What gives your life meaning? This important question helps to shape the tailored support we provide to people.

Dr Joan Webb holding a book of poetryMore than 120 people work in our Home Care Services statewide, delivering support to older people in their own homes. This includes support with personal care, general house-keeping and participation in the community. As part of recent training sessions, Home Care Services staff attended a workshop about ageism, presented by a 91 year old who last year completed a PhD thesis on the subject.

Presenter Dr Joan Webb commended our staff for choosing to work in aged care, saying they each had the opportunity to make an important, positive difference in the lives of others. But she warned that well-meaning, kindly people often inadvertently caused harm.

“If you only take are of basic, physical needs, then you may think you’ve done a good job but you haven’t seen the whole person,” said Dr Webb. “All people, including the frail aged, need to be treated as individuals and in ways that stimulate the brain by fostering creativity”.

She related her experience of facilitating creative writing at two aged care facilities. “There were excellent activities happening at these places including gardening and chicken raising, but the frail aged could only watch these things through the window,” she said. So Dr Webb held regular small group meetings with the frail aged to discuss and write poetry and prose. “If given the opportunity they can do the most magical things,” she said.  These groups went on to create books of poetry.

“We must recognise that while the heart still beats, there is an inner self that can be well hidden,” she said. “...Inside is a person with powerful thoughts – happy thoughts, sad thoughts, wonderfully creative thoughts."

Dr Webb said the elderly writers had shared happy and poignant memories, but also expressed frustration, anxiety and sadness. For example, one woman told the writing group she felt angry when the staff dressed her in trousers, rather than her preferred dress. “When you’re very old and very unwell…any choice you have is tremendously important because there are hardly any left,” explained Dr Webb. “It may seem like a small thing, but it is so important to that person. That was the one choice she had and it was taken away”. 

The training session highlighted ageism - discrimination against older people. Older adults can be the subject of negative stereotypes. They may also encounter patronising language including ‘elderspeak’: baby talk directed at older adults. Studies have found that when older people are exposed to patronising language, their performance on tasks decreases and their rates of depression increase. Even people with moderate to severe dementia can tell when people are talking down to them and it decreases their level of cooperation.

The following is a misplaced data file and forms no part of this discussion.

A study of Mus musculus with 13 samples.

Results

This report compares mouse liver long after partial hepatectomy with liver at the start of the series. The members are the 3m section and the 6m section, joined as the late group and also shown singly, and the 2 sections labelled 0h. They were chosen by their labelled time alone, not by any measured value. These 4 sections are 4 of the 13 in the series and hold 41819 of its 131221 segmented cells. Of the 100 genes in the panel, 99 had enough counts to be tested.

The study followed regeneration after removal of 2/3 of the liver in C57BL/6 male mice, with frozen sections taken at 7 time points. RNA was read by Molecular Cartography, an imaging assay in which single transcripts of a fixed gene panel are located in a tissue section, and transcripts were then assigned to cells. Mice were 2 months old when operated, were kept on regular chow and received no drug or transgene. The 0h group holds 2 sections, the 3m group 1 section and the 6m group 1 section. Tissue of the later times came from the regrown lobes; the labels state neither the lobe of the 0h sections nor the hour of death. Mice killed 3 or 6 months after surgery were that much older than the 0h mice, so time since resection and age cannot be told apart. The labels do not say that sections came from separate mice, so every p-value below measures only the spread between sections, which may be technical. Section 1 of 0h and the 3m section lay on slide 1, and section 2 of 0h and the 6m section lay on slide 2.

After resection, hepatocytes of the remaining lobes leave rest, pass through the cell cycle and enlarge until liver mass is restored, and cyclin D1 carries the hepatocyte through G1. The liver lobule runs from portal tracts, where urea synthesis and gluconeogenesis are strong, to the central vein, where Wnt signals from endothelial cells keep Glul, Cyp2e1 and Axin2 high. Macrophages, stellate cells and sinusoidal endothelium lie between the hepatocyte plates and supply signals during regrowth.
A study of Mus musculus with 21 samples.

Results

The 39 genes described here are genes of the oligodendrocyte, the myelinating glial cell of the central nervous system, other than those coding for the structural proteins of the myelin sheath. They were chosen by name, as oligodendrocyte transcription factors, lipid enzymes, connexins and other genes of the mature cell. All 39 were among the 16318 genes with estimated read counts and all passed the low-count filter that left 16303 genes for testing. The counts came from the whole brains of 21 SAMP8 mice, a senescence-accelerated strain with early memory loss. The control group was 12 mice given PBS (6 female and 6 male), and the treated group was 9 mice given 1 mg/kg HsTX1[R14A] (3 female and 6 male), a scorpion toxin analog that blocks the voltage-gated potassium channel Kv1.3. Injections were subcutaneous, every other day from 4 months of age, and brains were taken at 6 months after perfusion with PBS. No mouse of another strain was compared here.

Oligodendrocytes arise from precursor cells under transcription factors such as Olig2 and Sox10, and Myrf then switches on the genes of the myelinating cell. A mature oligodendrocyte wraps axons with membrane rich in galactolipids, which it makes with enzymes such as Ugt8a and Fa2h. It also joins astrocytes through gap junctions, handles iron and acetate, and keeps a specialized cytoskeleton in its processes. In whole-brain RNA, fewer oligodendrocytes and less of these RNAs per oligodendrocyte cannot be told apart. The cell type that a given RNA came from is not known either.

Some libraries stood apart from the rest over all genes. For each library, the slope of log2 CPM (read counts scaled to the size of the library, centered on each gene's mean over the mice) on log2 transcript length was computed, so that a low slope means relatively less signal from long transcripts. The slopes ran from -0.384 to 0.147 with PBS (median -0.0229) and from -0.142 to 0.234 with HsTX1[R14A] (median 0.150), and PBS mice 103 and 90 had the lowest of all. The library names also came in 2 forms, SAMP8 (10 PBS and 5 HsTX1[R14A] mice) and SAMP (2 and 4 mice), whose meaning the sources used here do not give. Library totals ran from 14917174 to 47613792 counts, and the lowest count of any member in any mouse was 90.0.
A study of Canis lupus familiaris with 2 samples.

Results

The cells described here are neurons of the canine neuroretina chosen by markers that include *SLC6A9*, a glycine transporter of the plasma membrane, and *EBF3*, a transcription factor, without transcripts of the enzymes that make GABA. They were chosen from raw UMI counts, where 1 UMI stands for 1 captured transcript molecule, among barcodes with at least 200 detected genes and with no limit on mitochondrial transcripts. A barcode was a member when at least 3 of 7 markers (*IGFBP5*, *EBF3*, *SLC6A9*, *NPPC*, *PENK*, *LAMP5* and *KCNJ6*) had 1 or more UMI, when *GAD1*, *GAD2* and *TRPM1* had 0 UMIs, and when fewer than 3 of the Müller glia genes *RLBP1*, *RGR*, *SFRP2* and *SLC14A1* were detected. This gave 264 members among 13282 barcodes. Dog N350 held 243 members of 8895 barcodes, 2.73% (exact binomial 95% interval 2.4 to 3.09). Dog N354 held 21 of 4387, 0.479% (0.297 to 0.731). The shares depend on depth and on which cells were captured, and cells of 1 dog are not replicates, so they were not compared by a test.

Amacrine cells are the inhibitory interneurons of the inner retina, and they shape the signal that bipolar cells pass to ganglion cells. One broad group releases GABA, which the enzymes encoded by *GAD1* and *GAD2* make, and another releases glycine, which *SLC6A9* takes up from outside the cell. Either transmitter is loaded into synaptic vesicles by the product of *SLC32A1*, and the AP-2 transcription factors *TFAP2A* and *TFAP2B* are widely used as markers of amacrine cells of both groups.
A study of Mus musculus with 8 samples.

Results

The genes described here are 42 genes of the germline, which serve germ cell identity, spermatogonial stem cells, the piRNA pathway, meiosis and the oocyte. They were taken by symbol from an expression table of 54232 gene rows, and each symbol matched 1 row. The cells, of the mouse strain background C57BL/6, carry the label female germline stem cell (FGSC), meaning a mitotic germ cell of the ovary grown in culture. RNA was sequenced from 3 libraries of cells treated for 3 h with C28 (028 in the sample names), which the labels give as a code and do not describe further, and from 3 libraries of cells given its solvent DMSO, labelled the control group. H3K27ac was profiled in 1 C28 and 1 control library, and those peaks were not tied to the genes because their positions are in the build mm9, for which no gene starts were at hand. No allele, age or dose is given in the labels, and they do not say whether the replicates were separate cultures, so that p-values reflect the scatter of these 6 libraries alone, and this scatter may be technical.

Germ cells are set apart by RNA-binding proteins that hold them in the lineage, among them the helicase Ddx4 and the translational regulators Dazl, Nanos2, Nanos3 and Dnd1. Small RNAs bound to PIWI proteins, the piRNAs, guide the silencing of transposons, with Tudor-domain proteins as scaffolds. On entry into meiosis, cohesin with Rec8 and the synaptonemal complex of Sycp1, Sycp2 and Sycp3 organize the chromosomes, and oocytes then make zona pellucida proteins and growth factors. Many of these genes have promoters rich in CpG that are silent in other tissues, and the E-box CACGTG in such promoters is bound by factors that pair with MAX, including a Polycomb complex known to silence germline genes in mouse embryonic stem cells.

“It is the unconscious ageism that is so wounding,” said Dr Webb. She urged all people to see beyond frail, aged bodies. “"We must not leave people hurting inside because people are only seeing the outside. This requires an enormous amount of sensitivity”. She said all people needed to feel they had meaningful, worthwhile lives. “It’s a terrible thing, this assumption about ‘poor old dears’ being unable to contribute,” she said. “It’s not right. People have the most fantastic things inside them that need to come out, to spread to other people. They have so much to tell us”.

“The frail aged are people who are living and breathing and part of the world”.

Author Atul Gawande in his book Being Mortal wrote that modern society often treated aging as a medical concern, and focused on safety and protection. But he said all people had a deep need to identify purposes outside themselves that made life feel meaningful and worthwhile – and that this continued into old age. Gawande wrote that making lives meaningful “requires more imagination and invention than making them merely safe does”. He said older people wanted to retain the freedom to shape their lives in ways consistent with their character and loyalties.

“The battle of being mortal is the battle to maintain the integrity of one’s life – to avoid becoming so diminished or dissipated or subjugated that who you are becomes disconnected from who you were or who you want to be,” he wrote. “Sickness and old age make the struggle hard enough. The professionals and institutions we turn to should not make it worse. But we have at last entered an era in which an increasing number of them believe their job is not to confine people’s choices, in the name of safety, but to expand them, in the name of living a worthwhile life”.